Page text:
The outcome is the possibility of massive rainforest collapse, extinction for 20-50% of the species on the planet, and a water crisis affecting up to a billion people
As the UN conference wraps up in Copenhagen, things are not looking
particularly sunny. A leaked memo from The UN Secretariat is making its way
around the web today, which adds up all the commitments made by the various
governments around the world. The current best case scenario for a deal
seems to leave the planet heading towards 550 parts per million (ppm) of
CO2, with a related temperature rise around 3C.
A week ago, the debate was over whether to target 350 ppm (1.5 C) or 450 ppm (2 C). But when you do the math, as they did in the memo, it turns out that the commitments are a few gigatons off, a quantity so large that it is difficult to think of a creative way to express it. How about the equivalent of burning 80 Million acres of rainforest - an area the size of California?
You'll probably be hearing many calls to acknowledge and celebrate that significant progress has been made in Copenhagen (after all, the 'do nothing' scenarios are 700 ppm or more.) But if you believe the predictions of what this 550 ppm scenario will mean (such as those published by Lord Stern in The Stern Review on the Economics of Climate Change ), the outcome is the possibility of massive rainforest collapse, extinction for 20-50% of the species on the planet, and a water crisis affecting up to a billion people. And that is if the delegates are able to get a deal done.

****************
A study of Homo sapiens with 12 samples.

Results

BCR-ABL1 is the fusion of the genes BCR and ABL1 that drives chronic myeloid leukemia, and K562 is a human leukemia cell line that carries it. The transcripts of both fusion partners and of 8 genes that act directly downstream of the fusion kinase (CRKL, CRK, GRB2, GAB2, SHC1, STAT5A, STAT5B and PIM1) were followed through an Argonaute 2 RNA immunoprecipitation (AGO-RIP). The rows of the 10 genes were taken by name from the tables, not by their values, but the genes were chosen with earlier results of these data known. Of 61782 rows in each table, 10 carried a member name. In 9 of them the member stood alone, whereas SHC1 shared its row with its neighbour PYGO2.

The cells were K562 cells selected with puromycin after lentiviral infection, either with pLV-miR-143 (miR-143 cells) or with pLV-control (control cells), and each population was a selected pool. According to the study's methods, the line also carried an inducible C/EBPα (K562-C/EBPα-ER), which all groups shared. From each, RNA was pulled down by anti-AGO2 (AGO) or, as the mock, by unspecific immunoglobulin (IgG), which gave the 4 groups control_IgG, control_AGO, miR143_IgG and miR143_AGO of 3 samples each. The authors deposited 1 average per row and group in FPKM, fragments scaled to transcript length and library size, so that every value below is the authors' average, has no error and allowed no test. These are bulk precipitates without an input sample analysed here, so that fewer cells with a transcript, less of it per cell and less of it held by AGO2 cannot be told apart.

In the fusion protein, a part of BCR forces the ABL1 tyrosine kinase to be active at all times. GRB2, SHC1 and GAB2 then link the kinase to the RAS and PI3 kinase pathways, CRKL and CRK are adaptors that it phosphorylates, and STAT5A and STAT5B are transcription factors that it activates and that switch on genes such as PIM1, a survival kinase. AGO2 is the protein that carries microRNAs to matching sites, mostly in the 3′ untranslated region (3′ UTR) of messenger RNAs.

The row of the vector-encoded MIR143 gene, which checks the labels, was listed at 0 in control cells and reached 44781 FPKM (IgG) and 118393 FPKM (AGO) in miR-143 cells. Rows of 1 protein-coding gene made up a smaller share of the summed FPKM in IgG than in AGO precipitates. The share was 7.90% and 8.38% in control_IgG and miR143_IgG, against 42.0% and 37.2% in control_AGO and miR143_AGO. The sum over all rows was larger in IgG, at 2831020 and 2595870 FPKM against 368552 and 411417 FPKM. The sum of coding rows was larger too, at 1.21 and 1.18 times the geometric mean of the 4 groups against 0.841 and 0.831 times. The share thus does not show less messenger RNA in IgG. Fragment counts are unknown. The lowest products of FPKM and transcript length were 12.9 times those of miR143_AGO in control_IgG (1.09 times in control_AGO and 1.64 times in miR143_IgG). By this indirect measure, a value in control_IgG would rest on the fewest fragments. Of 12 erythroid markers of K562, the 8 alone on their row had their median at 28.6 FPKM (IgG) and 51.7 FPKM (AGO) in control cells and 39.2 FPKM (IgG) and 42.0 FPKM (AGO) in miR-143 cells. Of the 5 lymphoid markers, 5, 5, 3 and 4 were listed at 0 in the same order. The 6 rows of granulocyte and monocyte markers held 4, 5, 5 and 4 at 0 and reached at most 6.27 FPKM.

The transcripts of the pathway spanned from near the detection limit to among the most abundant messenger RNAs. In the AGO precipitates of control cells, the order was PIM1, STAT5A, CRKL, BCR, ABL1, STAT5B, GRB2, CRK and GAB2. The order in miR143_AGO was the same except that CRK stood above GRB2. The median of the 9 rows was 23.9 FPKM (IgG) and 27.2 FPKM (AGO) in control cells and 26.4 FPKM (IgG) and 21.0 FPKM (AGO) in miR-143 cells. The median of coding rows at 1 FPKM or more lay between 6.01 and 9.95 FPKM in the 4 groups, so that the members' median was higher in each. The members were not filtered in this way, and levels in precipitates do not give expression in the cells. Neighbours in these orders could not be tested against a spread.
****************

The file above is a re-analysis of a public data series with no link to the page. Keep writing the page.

To think of this another way: Picture scientists identifying a large meteor hurtling towards earth, with an Impact date in the next 30 years or so. The longer they wait, the harder it will be to throw the meteor off course. Those who don't believe the scientists will choose to do nothing. Those who do will start working on building rockets to knock the thing of course as soon as possible. What no one will do is to agree to work on a plan which simply chips off a piece, and lets the rest make impact (unless it is the best they can do.) But that is exactly what the delegates seem to be working towards in Copenhagen.
So, is what is on the table the best they can do? What is being put together now is a bizarre King Solomon like proposal to split the baby in two. In that tale, the proposal was a test to reveal the truth about the two women who came before the king. Either the UN delegates believe that greenhouse gasses are a planetary threat or they do not. Perhaps it is time for each of them to stand up and be counted.
Let's all hope for more progress. And let's also hope that Lord Stern is wrong.